Boghiguian and Tagore and the Relationship Between Egypt and India

_cu02 Gamal Nkrumah in al-Ahram:

Anna is a personal friend. She is fond of Anwar El-Sadat, and I am more inclined to consider Gamal Abdel-Nasser my hero. Yet, we are in total agreement that Egypt and India share much in common, and we are both captivated by the subcontinent and its plethora of cultures. Boghiguian, one of Egypt’s leading artists, is devoting her next exhibition to the memory of the years when Egypt and India laboured under the yoke of British rule. She is mad as hell when she thinks she has reason to be. She is fascinated by India, and by the greatest of the subcontinent’s artistic luminaries — Rabindranath Tagore, the “Myriad-Minded Man”.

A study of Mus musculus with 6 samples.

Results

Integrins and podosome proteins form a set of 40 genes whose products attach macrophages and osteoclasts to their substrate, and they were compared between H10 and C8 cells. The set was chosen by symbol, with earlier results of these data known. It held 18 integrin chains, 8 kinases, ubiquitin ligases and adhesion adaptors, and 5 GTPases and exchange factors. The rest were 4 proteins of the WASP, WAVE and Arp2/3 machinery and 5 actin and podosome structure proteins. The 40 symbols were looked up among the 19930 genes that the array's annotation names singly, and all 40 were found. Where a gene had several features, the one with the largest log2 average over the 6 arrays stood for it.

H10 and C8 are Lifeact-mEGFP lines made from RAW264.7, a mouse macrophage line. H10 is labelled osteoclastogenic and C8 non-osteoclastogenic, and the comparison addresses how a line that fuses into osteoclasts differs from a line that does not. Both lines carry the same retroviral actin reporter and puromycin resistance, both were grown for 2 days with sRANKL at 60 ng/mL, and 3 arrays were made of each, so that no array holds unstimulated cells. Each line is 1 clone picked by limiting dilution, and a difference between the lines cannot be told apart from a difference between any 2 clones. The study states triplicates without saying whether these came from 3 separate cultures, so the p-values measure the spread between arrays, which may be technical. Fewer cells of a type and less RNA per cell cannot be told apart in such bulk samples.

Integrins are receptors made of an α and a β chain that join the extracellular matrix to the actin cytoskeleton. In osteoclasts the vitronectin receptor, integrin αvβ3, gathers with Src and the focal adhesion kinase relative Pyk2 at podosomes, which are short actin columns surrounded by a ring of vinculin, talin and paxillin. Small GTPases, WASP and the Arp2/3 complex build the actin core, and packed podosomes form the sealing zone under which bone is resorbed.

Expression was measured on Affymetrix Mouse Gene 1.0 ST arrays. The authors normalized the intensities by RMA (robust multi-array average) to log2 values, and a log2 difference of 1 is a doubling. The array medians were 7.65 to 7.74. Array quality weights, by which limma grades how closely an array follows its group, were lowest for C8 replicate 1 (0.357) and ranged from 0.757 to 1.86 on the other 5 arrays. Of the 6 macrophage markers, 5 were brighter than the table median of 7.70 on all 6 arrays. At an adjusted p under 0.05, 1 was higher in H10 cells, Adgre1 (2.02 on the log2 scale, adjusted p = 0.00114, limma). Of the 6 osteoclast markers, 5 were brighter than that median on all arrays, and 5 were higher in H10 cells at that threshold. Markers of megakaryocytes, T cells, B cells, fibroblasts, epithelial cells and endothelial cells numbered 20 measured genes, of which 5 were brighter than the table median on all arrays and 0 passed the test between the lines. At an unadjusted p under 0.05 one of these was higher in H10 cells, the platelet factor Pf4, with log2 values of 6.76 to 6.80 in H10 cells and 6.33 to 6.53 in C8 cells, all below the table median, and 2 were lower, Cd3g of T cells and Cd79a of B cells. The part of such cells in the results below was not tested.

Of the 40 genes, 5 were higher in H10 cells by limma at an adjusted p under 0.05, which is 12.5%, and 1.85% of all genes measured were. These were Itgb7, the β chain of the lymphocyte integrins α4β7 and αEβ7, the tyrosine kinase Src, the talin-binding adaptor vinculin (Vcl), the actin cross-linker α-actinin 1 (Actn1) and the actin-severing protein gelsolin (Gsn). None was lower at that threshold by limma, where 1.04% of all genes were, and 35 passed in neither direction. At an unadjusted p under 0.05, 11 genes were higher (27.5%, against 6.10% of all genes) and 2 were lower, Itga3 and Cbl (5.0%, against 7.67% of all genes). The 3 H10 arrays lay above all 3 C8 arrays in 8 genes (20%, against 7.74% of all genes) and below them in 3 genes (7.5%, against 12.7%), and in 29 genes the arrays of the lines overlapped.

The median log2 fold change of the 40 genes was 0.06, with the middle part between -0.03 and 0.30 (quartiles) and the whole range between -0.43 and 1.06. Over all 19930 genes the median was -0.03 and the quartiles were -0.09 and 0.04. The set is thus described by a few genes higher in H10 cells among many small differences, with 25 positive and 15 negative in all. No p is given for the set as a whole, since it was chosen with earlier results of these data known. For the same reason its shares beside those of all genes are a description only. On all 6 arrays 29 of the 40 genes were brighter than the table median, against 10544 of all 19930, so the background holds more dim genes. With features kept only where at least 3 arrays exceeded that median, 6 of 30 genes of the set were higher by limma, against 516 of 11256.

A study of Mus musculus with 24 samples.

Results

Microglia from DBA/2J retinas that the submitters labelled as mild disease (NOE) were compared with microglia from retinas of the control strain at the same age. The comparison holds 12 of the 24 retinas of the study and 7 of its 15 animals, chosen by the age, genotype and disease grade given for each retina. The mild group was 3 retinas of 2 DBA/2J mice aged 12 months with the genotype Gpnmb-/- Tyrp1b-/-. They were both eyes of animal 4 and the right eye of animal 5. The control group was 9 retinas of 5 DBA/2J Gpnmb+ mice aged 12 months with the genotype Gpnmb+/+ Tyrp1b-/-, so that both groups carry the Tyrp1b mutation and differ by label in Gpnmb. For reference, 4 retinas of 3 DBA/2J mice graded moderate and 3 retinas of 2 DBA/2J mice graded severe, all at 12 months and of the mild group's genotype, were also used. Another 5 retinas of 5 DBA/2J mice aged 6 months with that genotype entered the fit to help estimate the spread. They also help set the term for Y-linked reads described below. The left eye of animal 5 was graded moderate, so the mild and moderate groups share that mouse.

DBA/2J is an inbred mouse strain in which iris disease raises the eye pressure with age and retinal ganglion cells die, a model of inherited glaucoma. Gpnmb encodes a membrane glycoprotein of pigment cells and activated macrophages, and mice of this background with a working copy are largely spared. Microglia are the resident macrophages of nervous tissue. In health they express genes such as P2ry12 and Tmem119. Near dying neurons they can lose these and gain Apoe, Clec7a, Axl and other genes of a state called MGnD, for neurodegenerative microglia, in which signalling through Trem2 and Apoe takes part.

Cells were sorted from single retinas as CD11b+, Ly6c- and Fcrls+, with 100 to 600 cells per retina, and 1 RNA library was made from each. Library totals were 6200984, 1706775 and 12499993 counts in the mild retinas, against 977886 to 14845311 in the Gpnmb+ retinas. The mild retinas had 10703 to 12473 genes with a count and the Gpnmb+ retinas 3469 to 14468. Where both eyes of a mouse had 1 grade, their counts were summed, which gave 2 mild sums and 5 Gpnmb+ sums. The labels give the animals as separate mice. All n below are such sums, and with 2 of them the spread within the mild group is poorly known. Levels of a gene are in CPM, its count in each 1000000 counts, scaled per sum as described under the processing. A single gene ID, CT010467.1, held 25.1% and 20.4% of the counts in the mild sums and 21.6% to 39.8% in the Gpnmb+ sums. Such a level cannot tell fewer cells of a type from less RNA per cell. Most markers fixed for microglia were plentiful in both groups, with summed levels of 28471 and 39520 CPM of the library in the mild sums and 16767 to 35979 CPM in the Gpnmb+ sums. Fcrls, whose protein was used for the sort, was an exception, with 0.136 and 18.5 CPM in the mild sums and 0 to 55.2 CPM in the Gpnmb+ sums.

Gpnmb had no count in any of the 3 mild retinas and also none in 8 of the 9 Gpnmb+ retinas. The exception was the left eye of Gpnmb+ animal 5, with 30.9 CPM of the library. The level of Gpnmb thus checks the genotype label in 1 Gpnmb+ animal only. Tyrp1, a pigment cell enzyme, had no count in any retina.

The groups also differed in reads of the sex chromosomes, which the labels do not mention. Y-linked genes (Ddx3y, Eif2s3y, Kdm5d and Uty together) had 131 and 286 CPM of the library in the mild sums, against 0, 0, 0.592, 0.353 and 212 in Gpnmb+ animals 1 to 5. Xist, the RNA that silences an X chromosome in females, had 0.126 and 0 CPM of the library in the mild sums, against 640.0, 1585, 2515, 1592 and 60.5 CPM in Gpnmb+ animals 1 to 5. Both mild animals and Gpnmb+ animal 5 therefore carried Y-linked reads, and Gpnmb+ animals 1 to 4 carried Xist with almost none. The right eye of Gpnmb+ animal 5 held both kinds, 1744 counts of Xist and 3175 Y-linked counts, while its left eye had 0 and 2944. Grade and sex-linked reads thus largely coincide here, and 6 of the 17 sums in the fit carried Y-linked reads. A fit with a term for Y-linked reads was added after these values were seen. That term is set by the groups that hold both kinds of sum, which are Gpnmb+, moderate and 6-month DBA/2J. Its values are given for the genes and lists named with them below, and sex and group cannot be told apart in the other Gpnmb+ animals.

Anna Boghiguian becomes foil to the primped-perfect vacuousness of Cairene life. Forgive me, from now on she is no longer Anna, she is Boghiguian. This is a time of composition.

Nobody can accuse Boghiguian of being too pusillanimous, or so it seems in her lighter moments. Her works are bold and bohemian. Most Egyptians are ambivalent at best about India, not so with Boghiguian. Tagore was the subject of a reality document. A certain amount of speculation surrounds Boghiguian’s work. There are bid rumours and whispers in these paintings. You can see clearly that the walls have ears.

Boghiguian, a Boadicea of the Cairene cultural scene, is not making squillions. Boghiguian’s paintings are the 21st century perspectives presented in 20th century costumes. The inspiration for her exhibition was a visit she paid to the Jorasanko district of north Calcutta where the Tagore family mansion is located, today it is a museum. Any visit to the Thakur Bari, the Tagore House, is an experience of immense ramifications. On canvas, she explored the relationship between Tagore and the celebrated Egyptian poet Ahmed Shawqi, between Egypt and India through the interactions between the two men.